HEADS turn when the ladies from the Women Learn To Ride Project cycle past with their headscarves fluttering under their helmets.
But the cyclists are unfazed, lost in the fresh air and freedom of getting around on two wheels.
Zara Mohammed, 21, from Glasgow, is a project leader and student. She said cycling has become a perfect chance for women from all races to come together, to exercise and mix.
She said: “We still get comments, like it looks silly to have a headscarf on under a helmet. But our ladies don’t really care, they are having too much of a good time.”
The Women Learn To Ride Project is funded by the Forestry Commission and Cycling Scotland and, although it initially targeted women from the black and minority ethnic communities, it is open to all.
The group’s members are women who can’t ride a bike or lack confidence in cycling.
It is not always easy for women, especially those juggling families, to get out and exercise.
And there are often greater barriers for females from black and minority ethnic groups.
There are dress codes to consider and many are only comfortable exercising with other women.
South Asians also face a greater health risk from conditions such as diabetes, where the risk is as much as five times that of the wider community.
For a South Asian person between the ages of 25 and 75, the prevalence of type 2 diabetes is now about 20 per cent, compared with four per cent in the whole community.
A team from Glasgow University discovered that people from the region have muscles that do not burn fat as well as those of Europeans.
That means if a South Asian woman and a European woman were walking alongside each other at the same speed, the South Asian woman’s muscles would be burning less fat.
One way to prevent type 2 diabetes is to do as much exercise as possible.
Backbone, who created the Women Learn to Ride Project along with similar schemes to encourage a healthy lifestyle, set up the group a year ago.
They bought bikes and trained six leaders who will carry the project on when the women are left to themselves.
Zara had somersaulted off a bike and ended up in A&E when she was 13, so she had always been nervous about getting back in the saddle.
Now, not only is she an accomplished cyclist, she also leads a group.
Her parents are UK Pakistani and she said there hasn’t been the same cultural restrictions on her that other women have experienced.
She said: “We have had people going cycling with their husbands, so male objections haven’t been an issue. They’ve been very supportive.”
Now there are white women in the group and that has been a great way to mix communities.
“The best thing has been opening up to the whole community. And the mixing has been wonderful.
“The women aren’t just different races but different ages with different life experiences. And they are all different shapes and sizes.
“It is such a confidence booster, just getting on a bike, learning how to use a gear or getting up a hill.”
Maureen Lonnie: Getting back in saddle has given me freedom and helped my depression
The first white woman to join the project was 45-year-old Maureen Lonnie, from Glasgow, and she said starting cycling has transformed her life.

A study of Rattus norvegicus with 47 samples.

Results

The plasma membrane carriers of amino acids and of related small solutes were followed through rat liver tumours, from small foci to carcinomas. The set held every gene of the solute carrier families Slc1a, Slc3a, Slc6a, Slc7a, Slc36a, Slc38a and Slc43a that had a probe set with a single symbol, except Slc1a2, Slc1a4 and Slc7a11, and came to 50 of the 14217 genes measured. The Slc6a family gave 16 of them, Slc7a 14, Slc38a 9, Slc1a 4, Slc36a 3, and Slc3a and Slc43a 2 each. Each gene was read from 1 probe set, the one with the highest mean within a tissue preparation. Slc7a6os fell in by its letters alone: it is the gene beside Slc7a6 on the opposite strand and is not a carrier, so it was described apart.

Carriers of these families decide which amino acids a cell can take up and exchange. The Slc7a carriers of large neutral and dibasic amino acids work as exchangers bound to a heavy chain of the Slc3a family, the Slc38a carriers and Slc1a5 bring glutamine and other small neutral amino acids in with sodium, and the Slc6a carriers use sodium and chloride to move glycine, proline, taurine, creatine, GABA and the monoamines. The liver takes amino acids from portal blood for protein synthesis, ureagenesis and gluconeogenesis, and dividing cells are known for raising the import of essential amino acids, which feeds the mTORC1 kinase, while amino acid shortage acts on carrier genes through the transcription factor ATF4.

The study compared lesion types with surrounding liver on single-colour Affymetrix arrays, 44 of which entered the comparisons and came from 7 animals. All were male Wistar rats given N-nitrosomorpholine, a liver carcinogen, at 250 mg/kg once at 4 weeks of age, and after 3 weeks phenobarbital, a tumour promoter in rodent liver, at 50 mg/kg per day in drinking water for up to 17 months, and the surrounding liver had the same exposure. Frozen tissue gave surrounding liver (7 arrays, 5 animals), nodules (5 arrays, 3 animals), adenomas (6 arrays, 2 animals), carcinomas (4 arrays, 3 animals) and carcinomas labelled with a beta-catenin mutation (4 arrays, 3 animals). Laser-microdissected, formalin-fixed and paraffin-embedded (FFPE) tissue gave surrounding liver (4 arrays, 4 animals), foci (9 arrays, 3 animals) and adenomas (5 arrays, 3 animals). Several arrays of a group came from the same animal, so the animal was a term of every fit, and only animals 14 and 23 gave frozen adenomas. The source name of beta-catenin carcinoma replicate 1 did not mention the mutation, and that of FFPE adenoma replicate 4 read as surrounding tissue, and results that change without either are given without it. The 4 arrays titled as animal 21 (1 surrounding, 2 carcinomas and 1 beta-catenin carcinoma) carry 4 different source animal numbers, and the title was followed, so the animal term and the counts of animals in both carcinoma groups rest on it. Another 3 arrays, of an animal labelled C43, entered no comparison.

Maureen suffers from severe depression and when she is down she reacts by shutting herself off from the world, sometimes for months on end.
“I can go into a very dark place and when that happens I stay inside with the doors, curtains and windows closed.” She is also intimidated by being outside and in large crowds.
Maureen said: “I get very anxious and self-conscious.
“Even going outside to put washing out can upset me.”
But she decided she had endured enough and came up with the idea of cycling as a way of escape from
“I had this idea that I would be zooming past everyone too quickly for them to take any notice. I can cycle past people but I can’t walk past them because I get too nervous. It sounds silly but at the same time it is very real to me.”
The last time she had been on a bike was when she was 14 but many of the women had never even cycled at all.
She was hesitant at first and it took all the courage she could muster to get both of her feet on the pedals.
“When I let go and started cycling, the feeling of release was unbelievable. Emotions were flying everywhere.
“I was so happy. I actually cried because it had taken so long and I had achieved it.”
Since she started cycling, her life has changed.
Maureen said: “The bike has given me freedom. It is my own little world when I am on it.
“I am out and about so much more and the cycling has helped my depression enormously. I am not cured. I feel I am still broken but now I am getting fixed, bit by bit.” Thanks to the cycling she has also lost more than two stone and finds it a refreshing change to mix with women of other races and ethnic backgrounds.
“I was the first white girl who was in the club but as quickly as I noticed it, the differences disappeared. It is not an environment I had ever been in before.
“I feel like I have known them for years. Everyone is so nice and supportive.
“I used to sit at the window and watch people cycling by and now that is me out there.
“That really is quite an achievement.”
For original article from the Daily Record please click here.